This piece originally appeared in the Miami Herald.

By Brian D. Siegal and Umer Rahman

We have seen a worrying increase in violent incidents of antisemitism and hate in recent weeks in South Florida, in the United States and around the world. It is time for communities to come together and speak out against bigotry.

We cannot sit idly by as extremism and bigotry escalate to violence. The forces of division exploit the discontent, needs and desires of ordinary people. We must stop them at the same time we address the grievances that lead people to such hate groups.

Even in the present polarized political climate, we have much more in common than we do that divides us. We must affirm that bigotry and hatred are not compatible with our values and work to expunge them from American society.

As Muslims and Jews, we stand united in our commitment to promote solidarity, understanding and friendship among our faith communities.

This was the impetus behind the American Jewish Committee working with Muslim and Jewish groups to form the Muslim-Jewish Advisory Council (MJAC), which brings together Jewish and Muslim leaders to advocate jointly on issues of common concern. The council is a network of hundreds of Muslims and Jews across the country who take tangible action together for the good of our communities and to all Americans. Since its founding in 2016, MJAC has been at the forefront of advocacy for improved public response to hate crimes and domestic terrorism.

In 2017, we created an MJAC of South Florida (MJAC), to build a cohort of business, political and religious leaders in the Jewish and Muslim communities and have held meetings with local and national elected officials regarding hate crimes reporting in Florida.

MJAC condemned the heinous, targeted violence at the Beth Israel Synagogue in Colleyville, Texas last month. Members committed to redouble their efforts to combat antisemitism.

The numbers paint a troubling picture. Jews make up 2% of the U.S. population, yet account for nearly 55% of hate crimes motivated by religion, according to 2020 statistics from the FBI. That’s more than all other religions combined. Muslims, who account for 1% of the U.S. population, were the next-largest religious group targeted at 9%.

Antisemitism and anti-Muslim bigotry are more than attacks on our faiths and religious freedom. Ultimately, they are assaults on the fabric and fiber of democratic societies. Domestic terrorism and targeted violence threaten the safety of all Americans. Each of us has a role to play in keeping our communities safe.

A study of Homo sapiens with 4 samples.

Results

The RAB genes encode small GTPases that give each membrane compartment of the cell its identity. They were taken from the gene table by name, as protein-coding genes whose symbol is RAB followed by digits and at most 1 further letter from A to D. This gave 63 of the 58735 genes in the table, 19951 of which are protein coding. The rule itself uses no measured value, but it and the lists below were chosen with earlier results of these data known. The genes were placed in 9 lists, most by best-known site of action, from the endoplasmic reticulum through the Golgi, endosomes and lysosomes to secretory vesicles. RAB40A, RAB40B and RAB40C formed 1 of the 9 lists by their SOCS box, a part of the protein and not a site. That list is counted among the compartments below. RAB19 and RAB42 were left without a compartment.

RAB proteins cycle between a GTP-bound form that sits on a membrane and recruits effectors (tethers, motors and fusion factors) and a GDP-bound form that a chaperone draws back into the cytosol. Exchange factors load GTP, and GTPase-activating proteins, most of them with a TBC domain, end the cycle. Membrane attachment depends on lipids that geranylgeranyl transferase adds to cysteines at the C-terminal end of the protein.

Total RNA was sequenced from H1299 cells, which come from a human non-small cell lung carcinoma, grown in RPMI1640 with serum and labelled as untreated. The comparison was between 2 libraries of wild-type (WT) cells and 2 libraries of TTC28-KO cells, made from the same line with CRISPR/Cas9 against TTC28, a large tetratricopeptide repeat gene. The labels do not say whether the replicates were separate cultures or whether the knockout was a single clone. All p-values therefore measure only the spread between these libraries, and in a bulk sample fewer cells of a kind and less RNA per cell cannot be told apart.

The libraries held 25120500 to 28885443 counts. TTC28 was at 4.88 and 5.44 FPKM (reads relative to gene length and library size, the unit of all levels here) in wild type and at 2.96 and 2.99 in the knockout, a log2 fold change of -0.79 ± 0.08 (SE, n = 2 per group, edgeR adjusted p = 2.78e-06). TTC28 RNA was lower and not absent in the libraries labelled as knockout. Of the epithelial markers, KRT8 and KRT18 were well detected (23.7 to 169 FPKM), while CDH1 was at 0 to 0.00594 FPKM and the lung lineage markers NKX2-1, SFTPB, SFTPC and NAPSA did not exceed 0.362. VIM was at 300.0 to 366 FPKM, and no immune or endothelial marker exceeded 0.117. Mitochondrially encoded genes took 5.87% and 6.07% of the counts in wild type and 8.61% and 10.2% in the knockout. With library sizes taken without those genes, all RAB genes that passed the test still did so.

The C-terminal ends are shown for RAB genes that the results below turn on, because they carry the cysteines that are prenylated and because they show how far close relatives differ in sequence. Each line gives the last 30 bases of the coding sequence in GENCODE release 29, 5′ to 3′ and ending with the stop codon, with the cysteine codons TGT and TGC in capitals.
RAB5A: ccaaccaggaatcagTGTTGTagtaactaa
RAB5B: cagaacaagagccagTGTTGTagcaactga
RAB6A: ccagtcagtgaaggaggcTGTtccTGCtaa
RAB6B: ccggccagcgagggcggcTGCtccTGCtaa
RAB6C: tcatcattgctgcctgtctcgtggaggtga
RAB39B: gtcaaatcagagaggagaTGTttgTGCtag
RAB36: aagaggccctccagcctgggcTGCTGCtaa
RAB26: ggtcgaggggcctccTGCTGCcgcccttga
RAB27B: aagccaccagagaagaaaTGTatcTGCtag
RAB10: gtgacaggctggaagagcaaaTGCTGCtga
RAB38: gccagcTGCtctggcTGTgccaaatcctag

Although violent extremism breeds mass-casualty events, it also manifests as incidents of hate and bias against individuals. And even without physical violence, those who purvey hate, intolerance and incivility tear at the fabric of our nation.

We must also strengthen local networks and enhance community resiliency. That is the goal of the Tackle! Upstander Training program. Over 25 members of law enforcement, policy makers, municipal leaders and other key stakeholders recently joined us for training to strengthen prevention frameworks against targeted violence and domestic terrorism. The Tackle! curriculum was developed with a grant from the U.S. Department of Homeland Security by AJC in partnership with Muflehun, an organization that focuses on providing solutions to complex social problems.

Tackle! takes a public-health approach to the challenge of preventing violence motivated by hate and extremism. It teaches individuals and communities how to recognize the threat of targeted violence, violent extremism and extremist recruitment tactics; and understand how hate narratives can incite violence, including antisemitism and anti-Muslim bigotry.

During the training we discussed the attacks in Parkland, Colleyville, Pittsburgh and many more. Hearing from community leaders and Muslim and Jewish coaches made us aware of the threat of extremist ideologies to all Americans and will strengthen efforts in Miami-Dade and Broward counties to prevent these heinous attacks.

This is a defining moment for all who cherish free, democratic societies. We have an opportunity, indeed an obligation, to defend our values and see diversity as a national strength, not a weakness.

Brian D. Siegal is director of the Miami-Broward office of the American Jewish Committee. Umer Rahman is program director of UP Labs at Florida International University.